This is the third in a series of four articles discussing the DOJ’s settlement with six of Silicone Valley’s big high-tech companies. The settlement prohibits the companies from signing any Non-Solicitation of Employees agreement with any other company. However, the settlement did provide for certain exceptions to this general rule, some of which concur with California case law and others which extend beyond it.
Where the DOJ Settlement and California Law Agree
Although not a requirement under California law, the California courts would probably concur with the DOJ settlement's requirement that the non-solicitation agreements include a specific termination date or event and be signed by all parties to the agreement. In addition, the settlement's requirement that non-solicitation agreements clearly “identify the agreement to which it is ancillary” is not any stricter than those of California case law.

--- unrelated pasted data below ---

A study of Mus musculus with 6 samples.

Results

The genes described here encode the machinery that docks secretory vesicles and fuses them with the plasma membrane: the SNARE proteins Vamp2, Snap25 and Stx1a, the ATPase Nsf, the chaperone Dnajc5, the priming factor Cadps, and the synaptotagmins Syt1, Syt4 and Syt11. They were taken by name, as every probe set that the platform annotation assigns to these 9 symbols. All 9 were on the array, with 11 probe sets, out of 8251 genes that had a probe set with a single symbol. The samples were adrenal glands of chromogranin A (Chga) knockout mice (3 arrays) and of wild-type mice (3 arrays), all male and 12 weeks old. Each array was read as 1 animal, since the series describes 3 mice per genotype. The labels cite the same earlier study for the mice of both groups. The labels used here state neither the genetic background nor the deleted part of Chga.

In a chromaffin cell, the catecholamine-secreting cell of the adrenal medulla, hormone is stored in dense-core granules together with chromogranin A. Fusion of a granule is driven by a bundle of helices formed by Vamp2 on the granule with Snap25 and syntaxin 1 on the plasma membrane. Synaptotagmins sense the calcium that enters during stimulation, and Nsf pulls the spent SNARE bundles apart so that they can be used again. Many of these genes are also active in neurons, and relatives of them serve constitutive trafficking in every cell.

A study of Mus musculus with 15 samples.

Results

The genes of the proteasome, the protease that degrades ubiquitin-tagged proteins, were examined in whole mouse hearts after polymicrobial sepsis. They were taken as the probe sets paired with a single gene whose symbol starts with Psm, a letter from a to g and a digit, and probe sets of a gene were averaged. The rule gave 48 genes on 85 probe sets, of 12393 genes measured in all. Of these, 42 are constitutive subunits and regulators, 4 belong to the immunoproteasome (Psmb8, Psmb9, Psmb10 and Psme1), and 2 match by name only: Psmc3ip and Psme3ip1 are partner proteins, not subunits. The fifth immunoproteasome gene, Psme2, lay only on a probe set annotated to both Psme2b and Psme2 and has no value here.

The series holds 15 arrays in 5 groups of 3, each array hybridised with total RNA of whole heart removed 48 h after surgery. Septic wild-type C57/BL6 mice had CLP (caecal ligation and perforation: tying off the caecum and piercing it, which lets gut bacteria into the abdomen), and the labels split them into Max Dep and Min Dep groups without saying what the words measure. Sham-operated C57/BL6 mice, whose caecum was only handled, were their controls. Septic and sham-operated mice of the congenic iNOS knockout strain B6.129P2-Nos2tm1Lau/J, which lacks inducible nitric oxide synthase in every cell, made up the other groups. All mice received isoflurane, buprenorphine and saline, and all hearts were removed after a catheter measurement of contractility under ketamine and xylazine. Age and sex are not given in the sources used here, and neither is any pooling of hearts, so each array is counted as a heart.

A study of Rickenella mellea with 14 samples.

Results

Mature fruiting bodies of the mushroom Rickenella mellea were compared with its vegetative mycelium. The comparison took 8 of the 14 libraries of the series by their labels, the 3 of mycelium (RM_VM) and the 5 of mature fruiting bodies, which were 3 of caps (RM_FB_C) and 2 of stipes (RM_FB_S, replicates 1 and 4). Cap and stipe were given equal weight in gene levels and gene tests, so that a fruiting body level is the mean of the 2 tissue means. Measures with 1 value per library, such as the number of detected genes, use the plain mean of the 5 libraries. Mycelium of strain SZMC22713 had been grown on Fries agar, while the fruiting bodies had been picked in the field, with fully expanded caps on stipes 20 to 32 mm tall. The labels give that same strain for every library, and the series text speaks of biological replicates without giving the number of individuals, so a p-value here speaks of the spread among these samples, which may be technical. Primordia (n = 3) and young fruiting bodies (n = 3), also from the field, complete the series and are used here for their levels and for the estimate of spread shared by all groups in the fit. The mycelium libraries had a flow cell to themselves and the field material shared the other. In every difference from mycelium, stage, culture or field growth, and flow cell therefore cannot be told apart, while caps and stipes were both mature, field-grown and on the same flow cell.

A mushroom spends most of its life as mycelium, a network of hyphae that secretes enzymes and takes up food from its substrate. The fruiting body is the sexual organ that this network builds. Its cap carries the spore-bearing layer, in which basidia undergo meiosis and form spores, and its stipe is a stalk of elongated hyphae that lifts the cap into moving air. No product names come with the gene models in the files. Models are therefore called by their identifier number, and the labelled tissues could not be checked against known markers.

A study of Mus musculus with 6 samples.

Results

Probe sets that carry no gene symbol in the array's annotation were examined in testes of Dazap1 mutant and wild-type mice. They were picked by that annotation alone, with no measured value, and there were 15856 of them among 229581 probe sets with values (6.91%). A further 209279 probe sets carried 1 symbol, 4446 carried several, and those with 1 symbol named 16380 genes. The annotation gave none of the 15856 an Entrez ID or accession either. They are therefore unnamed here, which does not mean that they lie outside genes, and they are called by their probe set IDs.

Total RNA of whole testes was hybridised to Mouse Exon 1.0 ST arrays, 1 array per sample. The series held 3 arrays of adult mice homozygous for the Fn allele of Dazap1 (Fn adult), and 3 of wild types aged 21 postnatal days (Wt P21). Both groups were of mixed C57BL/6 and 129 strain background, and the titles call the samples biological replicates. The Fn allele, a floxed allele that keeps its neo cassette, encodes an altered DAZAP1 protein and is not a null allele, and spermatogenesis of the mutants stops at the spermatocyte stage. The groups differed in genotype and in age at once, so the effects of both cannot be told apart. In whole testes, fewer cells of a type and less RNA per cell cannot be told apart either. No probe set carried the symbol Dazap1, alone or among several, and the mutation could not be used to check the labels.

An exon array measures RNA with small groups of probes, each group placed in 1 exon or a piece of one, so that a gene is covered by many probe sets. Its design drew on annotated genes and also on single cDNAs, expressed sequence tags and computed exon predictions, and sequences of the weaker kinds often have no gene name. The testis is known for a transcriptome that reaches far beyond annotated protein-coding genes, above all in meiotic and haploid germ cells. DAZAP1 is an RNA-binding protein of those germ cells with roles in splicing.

Where the DOJ Settlement Extends Beyond the Law
The DOJ settlement requires that all non-solicitation agreements be strictly drafted to affect only employees who are directly involved in the agreement and identify clearly the employees subject to the agreement. The Moyes court, on the other hand, validated a separation agreement that prohibited solicitation of all of the former employees without requiring any specific identification of employees subject to the agreement. The DOJ also settlement proscribed behaviors much broader than those prohibited by California law.
An Additional Twist in Non-Competition Agreements
Rosemary Silguero entered into a contract with Floor Seal Technology, Inc. (FST) that contained a clause prohibiting her from all sales for 18 months following her termination. After concluding her employment with FST, Silguero began working with Creteguard. FST contacted Creteguard and sought their cooperation in enforcing the non-compete clause that Silguero had signed with them. Cretegaurd terminated Silguero's employment.
Silguero brought a Tameny claim against Creteguard for wrongful termination, arguing that her firing violated public policy. The court agreed with Silguero that the "understanding" between FST and Creteguard is the equivalent of an unlawful no-hire agreement.